The ongoing school closures in respect to the covid-19 pandemic has provided an opportunity for the ministry of education and sports to re-harmonize the then ‘rushed’ new Lower Secondary Curriculum.
10 Dec 2020 17:35

At the beginning of the year, the ministry of education through the National Curriculum Development Centre commenced the implementation of a new competence-based secondary curriculum despite the strong resistance from legislators, teachers, and education analysts.

During the rollout of the curriculum, the NCDC hardly carried out training of selected subject teachers but many who participated in the training complained that there was limited time to the new concepts that were being introduced.

The implementation phase in the short-lived term one had been affected by the lack of instructional materials, reduced time schedules, and the shortage of teachers.

Now, Grace Baguma, NCDC director, notes that during the lockdown, they have been able to revisit the roadmap and addressed key areas that had been left hanging by the time of rolling out.

According to Baguma, during the eight months’ time, they have considered retooling of master trainers who have also started conducting micro training to in-service senior one and senior two teachers. According to her the training has been designed and slated to start with poorly performing regions.  

//Cue in: “we are going…

Cue out…revisited and redone.”// 

Baguma also notes they are also taking part in the development and evaluation of textbooks and other instructional materials for senior one. According to her, the activity is still underway being conducted in Mbale district.

Baguma also adds that working together with the Uganda National Examination Board, have started developing the formative assessment framework that will guide teachers on how to award marks.

//Cue in: “we have also…

Cue out...twenty percent.”//

This is one of the critical boxes that had not been ticked in the first place since the framework will guide to regularly assessment different competencies during the entire teaching-learning process which scores would be regularly handed over to Uganda National Examinations Board to contribute 20 percent of the student‘s overall score at the end of learning cycle.

As part of the summative assessment, students will be given identification numbers assigned to students by the ministry of education to enable UNEB to follow up with the academic progress of learners on an annual basis. Teachers will upload learner’s marks on a system that will be accessible to UNEB.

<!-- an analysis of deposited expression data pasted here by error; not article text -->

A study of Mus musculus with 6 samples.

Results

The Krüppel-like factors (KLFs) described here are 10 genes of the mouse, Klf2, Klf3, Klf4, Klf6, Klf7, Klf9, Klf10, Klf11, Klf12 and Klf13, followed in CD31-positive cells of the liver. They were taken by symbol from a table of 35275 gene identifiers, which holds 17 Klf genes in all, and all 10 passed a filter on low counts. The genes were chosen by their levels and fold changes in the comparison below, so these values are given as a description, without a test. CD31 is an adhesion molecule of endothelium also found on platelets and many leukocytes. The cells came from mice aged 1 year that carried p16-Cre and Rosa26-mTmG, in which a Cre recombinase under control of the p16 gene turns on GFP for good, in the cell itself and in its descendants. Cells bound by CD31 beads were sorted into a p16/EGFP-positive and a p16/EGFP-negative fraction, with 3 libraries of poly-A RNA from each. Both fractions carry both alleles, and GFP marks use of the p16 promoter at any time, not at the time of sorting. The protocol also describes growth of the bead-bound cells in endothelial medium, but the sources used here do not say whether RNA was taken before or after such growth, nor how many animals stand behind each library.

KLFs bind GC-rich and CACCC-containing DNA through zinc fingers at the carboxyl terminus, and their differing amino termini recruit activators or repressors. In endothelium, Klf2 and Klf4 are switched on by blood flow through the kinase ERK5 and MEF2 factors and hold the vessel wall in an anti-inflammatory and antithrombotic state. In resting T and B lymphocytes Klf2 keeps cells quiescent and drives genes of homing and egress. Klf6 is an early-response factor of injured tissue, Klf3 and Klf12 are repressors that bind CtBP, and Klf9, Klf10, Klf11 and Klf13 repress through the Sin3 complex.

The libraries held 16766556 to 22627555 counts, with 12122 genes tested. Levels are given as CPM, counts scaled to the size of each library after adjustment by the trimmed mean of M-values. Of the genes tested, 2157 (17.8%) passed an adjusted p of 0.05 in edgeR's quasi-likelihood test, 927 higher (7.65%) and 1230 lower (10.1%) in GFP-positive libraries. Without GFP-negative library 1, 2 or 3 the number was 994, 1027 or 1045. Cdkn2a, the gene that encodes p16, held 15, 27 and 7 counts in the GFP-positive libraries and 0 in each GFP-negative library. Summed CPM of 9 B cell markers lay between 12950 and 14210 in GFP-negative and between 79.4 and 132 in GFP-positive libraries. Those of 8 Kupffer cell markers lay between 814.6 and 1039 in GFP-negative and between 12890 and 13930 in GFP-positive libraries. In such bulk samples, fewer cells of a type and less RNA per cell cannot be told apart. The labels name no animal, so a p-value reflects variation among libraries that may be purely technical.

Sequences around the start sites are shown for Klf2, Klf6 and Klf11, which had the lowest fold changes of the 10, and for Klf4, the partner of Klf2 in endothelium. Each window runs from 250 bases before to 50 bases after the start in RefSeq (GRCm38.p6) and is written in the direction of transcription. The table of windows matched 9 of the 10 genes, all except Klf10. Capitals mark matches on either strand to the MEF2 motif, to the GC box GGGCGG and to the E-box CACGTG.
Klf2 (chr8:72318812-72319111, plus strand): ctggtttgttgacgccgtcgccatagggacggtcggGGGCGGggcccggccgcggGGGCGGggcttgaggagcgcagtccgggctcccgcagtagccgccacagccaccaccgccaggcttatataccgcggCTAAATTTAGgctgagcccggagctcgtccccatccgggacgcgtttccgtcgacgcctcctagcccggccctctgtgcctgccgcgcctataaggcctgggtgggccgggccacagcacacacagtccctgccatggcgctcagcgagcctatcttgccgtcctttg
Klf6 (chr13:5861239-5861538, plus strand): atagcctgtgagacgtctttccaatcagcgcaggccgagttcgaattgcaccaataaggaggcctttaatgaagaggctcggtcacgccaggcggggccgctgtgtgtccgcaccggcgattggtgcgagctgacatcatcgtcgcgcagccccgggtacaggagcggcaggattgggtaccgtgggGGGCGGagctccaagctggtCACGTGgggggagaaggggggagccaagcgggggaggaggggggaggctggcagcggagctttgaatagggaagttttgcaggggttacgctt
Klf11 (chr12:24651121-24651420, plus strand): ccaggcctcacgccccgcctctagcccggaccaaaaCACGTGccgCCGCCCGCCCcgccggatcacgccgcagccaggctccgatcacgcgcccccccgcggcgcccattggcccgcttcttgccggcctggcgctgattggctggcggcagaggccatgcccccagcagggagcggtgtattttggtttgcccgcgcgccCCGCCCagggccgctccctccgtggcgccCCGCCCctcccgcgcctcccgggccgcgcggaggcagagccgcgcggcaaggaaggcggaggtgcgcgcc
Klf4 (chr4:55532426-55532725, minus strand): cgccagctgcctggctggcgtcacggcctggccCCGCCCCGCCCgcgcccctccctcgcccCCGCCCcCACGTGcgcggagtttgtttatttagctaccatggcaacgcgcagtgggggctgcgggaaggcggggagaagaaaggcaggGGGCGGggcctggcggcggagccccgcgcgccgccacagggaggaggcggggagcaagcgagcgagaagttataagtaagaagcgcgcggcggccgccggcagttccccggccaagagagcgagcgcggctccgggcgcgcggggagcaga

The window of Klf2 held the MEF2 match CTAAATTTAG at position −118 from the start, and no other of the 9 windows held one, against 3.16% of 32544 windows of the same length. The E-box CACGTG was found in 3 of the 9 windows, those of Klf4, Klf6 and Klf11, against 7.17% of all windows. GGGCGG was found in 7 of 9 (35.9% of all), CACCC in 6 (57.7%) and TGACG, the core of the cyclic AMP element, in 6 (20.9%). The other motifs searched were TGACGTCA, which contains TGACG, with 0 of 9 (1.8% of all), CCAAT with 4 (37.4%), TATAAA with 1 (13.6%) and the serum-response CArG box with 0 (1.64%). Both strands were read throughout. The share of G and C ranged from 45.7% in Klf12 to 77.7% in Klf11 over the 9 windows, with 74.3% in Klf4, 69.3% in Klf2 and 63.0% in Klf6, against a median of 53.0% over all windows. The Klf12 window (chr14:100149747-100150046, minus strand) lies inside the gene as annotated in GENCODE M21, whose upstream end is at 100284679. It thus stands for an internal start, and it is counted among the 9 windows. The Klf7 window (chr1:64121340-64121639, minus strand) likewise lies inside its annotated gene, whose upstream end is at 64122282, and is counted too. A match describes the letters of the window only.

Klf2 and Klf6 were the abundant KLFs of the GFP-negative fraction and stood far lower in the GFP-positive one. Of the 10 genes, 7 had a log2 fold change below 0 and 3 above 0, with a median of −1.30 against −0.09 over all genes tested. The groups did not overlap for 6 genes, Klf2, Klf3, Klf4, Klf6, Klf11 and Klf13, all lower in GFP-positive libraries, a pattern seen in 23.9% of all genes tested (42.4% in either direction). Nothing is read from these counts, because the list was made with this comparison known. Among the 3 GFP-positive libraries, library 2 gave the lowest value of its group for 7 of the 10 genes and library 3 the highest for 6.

“In our early plans, we thought that this data would be computed on a termly basis. However, with the ongoing engagements with UNEB, we have decided to carry these assessments annually. having them done termly might create confusion. This means in each class, a learner will be looking for about five percent of the total marks,” Baguma explained.

The ministry has also used the lockdown to engage pre-service teachers. (teachers in training) and several teacher training institutions and universities on how they can incorporate accepts and methodology requirements of the new curriculum in their programmes. At first, the said group were observers yet they are the ones producing teachers.

In the same development, Alex Kakooza, the permanent secretary at the education ministry also points they currently supporting other implementation agencies including the special needs and guide and counseling units and the directorate of industrial training to set up what they require to play their role.

The new curriculum comprises of among other things, conducting student-centered teaching, performing extensive practical and Information Communication Technology-ICT based lessons, a new teaching approach that aims at producing highly innovative and self-reliant students. 

The curriculum also has a vocational and skills component looking at Entrepreneurship, Agriculture, ICT, Performing Arts, Art and Design, Physical Education, and Food and Nutrition among others.   

On completion of the education level, a learner will get out with two certificates; the Uganda Certificate of Education and level one competency certificate from Uganda Vocational Qualification Framework –UVQF. For both certificates, the learner will have a chance of progressing to the next level of education.